A History of Anger

By Rose Scobie
Published: 2010-09-23

Heavy Security around the Japanese Embassy on September 18

While I was an English teacher at a preschool in Beijing, we took our class on a field trip to the Museum of the War of Chinese People’s Resistance Against Japanese Aggression. As the three and four-year-olds in my class held hands with their buddies while gazing up at the displays of torture equipment and photographs of Chinese civilians being murdered by Japanese soldiers, my coworker said to our students, “Look around children. This is why we all hate Japan.”

From a young age, people in China have been trained to hate Japan, and due to Japan’s previous actions in China, this indoctrination is not difficult to accomplish. The recent boat collision has added fuel to the fire of Chinese nationalist anger.

September 18 marked the 79th anniversary of the “Mukden Incident”, which Japan used to justify its invasion of China. To commemorate this day, and to protest the recent Japanese arrest of a Chinese trawler captain, Chinese citizens gathered in front of the Japanese Embassy in Beijing. The Chinese government was cautious about the gathering, upping security and removing posts on the internet about the protests, which most assumed was to avoid the violence which broke out the last time a major anti-Japanese demonstration took place in Beijing in 2005.

In a seeming shift from trying to temper rage against Japan while speaking to a group of Chinese citizens and Chinese-Americans in New York, Wen Jiabao stated that China viewed the detainment of the trawler captain as “illegal and unreasonable”.  Anti-Japanese rhetoric was further stepped up on the 22 when Foreign Ministry spokesperson, Jiangyu urged Japan to release the captain and said in a written statement, “It is futile to play tricks by deceiving the world and international public opinion”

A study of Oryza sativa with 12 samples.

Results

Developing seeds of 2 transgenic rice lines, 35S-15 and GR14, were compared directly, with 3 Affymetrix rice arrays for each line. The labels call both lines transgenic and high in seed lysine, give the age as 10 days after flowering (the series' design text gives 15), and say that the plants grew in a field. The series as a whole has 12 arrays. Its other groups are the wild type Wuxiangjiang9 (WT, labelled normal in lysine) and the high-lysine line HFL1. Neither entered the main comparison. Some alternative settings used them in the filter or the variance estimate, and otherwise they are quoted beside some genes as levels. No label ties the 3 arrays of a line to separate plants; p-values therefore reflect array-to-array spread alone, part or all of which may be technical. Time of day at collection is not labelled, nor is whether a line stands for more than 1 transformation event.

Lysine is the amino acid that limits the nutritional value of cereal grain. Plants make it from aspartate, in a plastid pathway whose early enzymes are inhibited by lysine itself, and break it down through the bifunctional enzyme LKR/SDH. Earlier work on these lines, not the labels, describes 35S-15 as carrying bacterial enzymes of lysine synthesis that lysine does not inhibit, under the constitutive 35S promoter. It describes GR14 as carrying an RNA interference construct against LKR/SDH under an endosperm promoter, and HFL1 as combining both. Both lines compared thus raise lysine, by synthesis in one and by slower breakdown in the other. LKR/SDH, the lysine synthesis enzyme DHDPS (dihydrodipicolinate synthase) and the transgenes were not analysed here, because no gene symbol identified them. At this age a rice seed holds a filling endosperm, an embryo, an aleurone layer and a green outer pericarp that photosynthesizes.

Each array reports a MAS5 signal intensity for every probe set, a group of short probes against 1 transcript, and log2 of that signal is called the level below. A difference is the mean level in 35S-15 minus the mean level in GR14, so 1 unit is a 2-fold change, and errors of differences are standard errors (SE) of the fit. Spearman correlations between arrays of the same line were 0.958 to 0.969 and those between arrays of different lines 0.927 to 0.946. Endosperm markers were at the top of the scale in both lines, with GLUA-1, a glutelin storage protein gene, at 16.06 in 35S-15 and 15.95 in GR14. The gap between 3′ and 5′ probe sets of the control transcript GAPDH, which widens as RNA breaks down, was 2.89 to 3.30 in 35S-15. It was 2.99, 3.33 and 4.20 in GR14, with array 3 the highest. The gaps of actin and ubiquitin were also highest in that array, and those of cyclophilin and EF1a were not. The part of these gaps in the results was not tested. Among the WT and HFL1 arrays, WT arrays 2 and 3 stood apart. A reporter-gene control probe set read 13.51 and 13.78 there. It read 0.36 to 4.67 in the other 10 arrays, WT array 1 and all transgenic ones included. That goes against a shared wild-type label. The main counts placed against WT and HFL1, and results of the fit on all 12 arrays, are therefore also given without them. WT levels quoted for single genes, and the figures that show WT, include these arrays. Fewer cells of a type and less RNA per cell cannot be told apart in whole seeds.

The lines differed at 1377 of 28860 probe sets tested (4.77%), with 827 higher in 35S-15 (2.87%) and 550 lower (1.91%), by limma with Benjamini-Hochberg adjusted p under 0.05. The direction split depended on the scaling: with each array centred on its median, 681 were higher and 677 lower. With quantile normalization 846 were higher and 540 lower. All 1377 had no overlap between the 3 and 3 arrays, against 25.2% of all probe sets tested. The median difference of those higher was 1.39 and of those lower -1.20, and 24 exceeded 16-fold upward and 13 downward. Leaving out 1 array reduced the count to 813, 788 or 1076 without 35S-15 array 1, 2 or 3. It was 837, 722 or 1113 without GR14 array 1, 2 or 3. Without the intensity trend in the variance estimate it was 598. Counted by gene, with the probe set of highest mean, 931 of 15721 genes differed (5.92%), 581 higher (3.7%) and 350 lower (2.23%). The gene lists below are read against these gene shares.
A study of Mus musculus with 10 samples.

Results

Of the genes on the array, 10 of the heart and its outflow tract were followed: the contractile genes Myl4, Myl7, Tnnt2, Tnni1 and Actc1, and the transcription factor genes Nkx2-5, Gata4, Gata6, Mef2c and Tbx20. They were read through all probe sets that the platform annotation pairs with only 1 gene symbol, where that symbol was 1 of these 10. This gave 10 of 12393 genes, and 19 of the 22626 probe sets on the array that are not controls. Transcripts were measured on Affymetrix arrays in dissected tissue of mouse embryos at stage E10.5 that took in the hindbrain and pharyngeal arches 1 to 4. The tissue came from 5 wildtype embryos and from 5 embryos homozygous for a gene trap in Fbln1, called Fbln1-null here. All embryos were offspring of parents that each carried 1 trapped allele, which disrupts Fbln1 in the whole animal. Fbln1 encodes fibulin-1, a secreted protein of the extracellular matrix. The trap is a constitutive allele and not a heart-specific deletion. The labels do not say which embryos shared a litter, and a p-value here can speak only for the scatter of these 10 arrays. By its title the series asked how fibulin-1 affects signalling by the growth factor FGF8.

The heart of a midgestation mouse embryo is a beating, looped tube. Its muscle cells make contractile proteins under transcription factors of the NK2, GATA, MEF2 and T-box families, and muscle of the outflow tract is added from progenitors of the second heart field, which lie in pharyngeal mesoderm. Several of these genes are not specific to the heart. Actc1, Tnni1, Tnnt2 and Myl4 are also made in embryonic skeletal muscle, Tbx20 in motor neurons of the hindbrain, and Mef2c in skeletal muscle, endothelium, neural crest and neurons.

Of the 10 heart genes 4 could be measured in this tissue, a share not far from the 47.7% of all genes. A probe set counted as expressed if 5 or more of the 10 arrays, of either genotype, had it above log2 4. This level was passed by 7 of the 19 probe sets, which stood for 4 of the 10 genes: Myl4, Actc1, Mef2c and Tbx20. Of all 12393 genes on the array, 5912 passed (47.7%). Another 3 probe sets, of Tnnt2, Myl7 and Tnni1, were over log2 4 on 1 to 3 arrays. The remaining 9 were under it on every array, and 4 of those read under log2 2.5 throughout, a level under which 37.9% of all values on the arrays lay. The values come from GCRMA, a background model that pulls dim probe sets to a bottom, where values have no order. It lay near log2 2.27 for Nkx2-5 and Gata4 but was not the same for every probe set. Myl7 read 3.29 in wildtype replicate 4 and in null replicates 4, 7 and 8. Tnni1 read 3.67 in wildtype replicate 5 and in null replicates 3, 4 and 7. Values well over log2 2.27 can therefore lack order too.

Although it may seem like the Chinese government is sending mixed signals to Japan, by keeping demonstrations at a minimum and then publicly condemning Japan’s actions just a few days later, this past Saturday, China’s leaders seemed to be a bit more worried about protestors taking the opportunity of a public gathering to express their frustrations with the Chinese government. My coworker witnessed protestors holding signs condemning government corruption; he saw one protester get beaten by a plain clothes policeman and another attempting to broadcast the demonstration live with his laptop taken away from the scene. Recent public statements seem to be trying to keep citizen anger directed at Japan.

My British friend was recently asked by a Chinese coworker if he hated all Germans. When he responded, “not at all,” his coworker was astonished. While to most Europeans, Germany’s actions in WWII are merely a historical fact, China cannot seem to forgive Japan for their former imperialism. For their part, Japan has not made forgiveness easy with their history books that downplay their WWII involvement, and their past visits of MPs to war memorials. China is also suspicious of Japan due to their close alliance with the US.    

At the moment, it seems that the government has been successful at making sure the flames of China’s anger are flaring towards Japan, but who knows when the wind might change.